Yoga Nidra, Seated Meditation, and Anxiety

Yoga Nidra, Seated Meditation, and Anxiety
Yoga has been touted as a complementary therapy in the treatment of anxiety and depression, but does the scientific community uphold popular belief? A study reported in the Sept-Dec 2018 issue of International Journal of Yoga, or IJOY, says yes. This peer reviewed study looked at college professors, their experiences with anxiety, and the efficacy of various practices. At the end of the day, the study showed that yoga does indeed help.

The article begins with a surprising statistic – one in every four people, worldwide, will be diagnosed with a mood disorder at some time in life. This doesn’t take into account the unspecified number of individuals who experience anxiety or depression but don’t make it to the doctor’s office. These numbers are staggering and horrifying – it appears that very few of us are on sound psychological footing. Clearly, changes in our daily lives are needed; according to this article, the addition of yoga can help.

The study looked specifically at two yogic practices. The first is Yoga Nidra, otherwise known as yogic sleep. This powerful relaxation and meditation technique, derived from ancient Tantra practices, was first codified for the Western world by Swami Satyananda of the Bihar School of yoga in 1976. It combines progressive relaxation with visualization to produce a brain state somewhere between wakefulness and complete slumber. When practicing Yoga Nidra, one also progressively performs three or four of Patanjali’s Eight Limbs of Yoga. By first entering into pratyahara, or sense withdrawal, one then uses the Yoga Nidra technique to attain dharana, or concentration, and then dhyana, or absorption of the mind into the meditation. From here, it’s possible for an individual to experience samadhi, or bliss, as a result of the practice.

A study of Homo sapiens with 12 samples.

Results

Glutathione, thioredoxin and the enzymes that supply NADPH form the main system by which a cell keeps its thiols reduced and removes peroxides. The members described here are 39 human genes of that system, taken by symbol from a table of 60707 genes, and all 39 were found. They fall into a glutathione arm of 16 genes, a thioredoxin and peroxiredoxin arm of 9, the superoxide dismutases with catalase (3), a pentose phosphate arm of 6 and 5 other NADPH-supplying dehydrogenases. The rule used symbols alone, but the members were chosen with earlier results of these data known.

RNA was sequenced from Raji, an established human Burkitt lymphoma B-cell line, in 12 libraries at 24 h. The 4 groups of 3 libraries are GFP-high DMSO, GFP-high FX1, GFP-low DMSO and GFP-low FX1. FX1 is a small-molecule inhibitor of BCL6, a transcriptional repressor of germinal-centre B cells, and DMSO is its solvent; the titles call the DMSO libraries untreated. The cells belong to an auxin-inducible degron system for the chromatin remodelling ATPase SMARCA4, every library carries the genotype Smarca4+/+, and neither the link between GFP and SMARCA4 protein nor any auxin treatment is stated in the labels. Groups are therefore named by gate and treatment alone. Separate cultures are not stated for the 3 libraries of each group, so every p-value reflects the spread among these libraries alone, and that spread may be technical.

The other yogic technique that the IJOY study researched was that of seated meditation, specifically techniques promoted by Jon Kabat-Zinn and his Mindfulness Based Stress Reduction Program. Here, the participant seats him- or herself, relaxes the body, and concentrates on the here and now by focusing on the breath. It’s a simple meditation that can be done nearly anywhere by anyone at any time. More portable than Yoga Nidra, it’s a great complement to that practice as well.

The study looked at these two techniques separately, setting up three groups. The control group carried on with daily life as usual. The second group practiced Yoga Nidra; the third, meditation. Participants were all college professors; teaching is known to be a high-stress occupation, and the study intended to statistically, or mathematically, show any differences between the three groups.

The results? The seated meditation group showed an improvement in anxiety as compared to the control group, but less of a change than the Yoga Nidra group, which demonstrated a definite improvement in anxiety levels for the participants. What caused these differences? No one is quite sure yet, but it’s possible that the Yoga Nidra protocol, which guides individuals into a specific series of relaxation and concentration points, offers a more formalized entrance into different brain waves. Seated meditation, while easier to access, perhaps varies more widely in the levels of relaxation and concentration achieved. Could there be other reasons for the difference? Of course.

For further reading, one can find the full description of the study at

Disclaimer: I am not affiliated with the National Institute of Health or with the International Journal of Yoga. I researched this article using the Internet.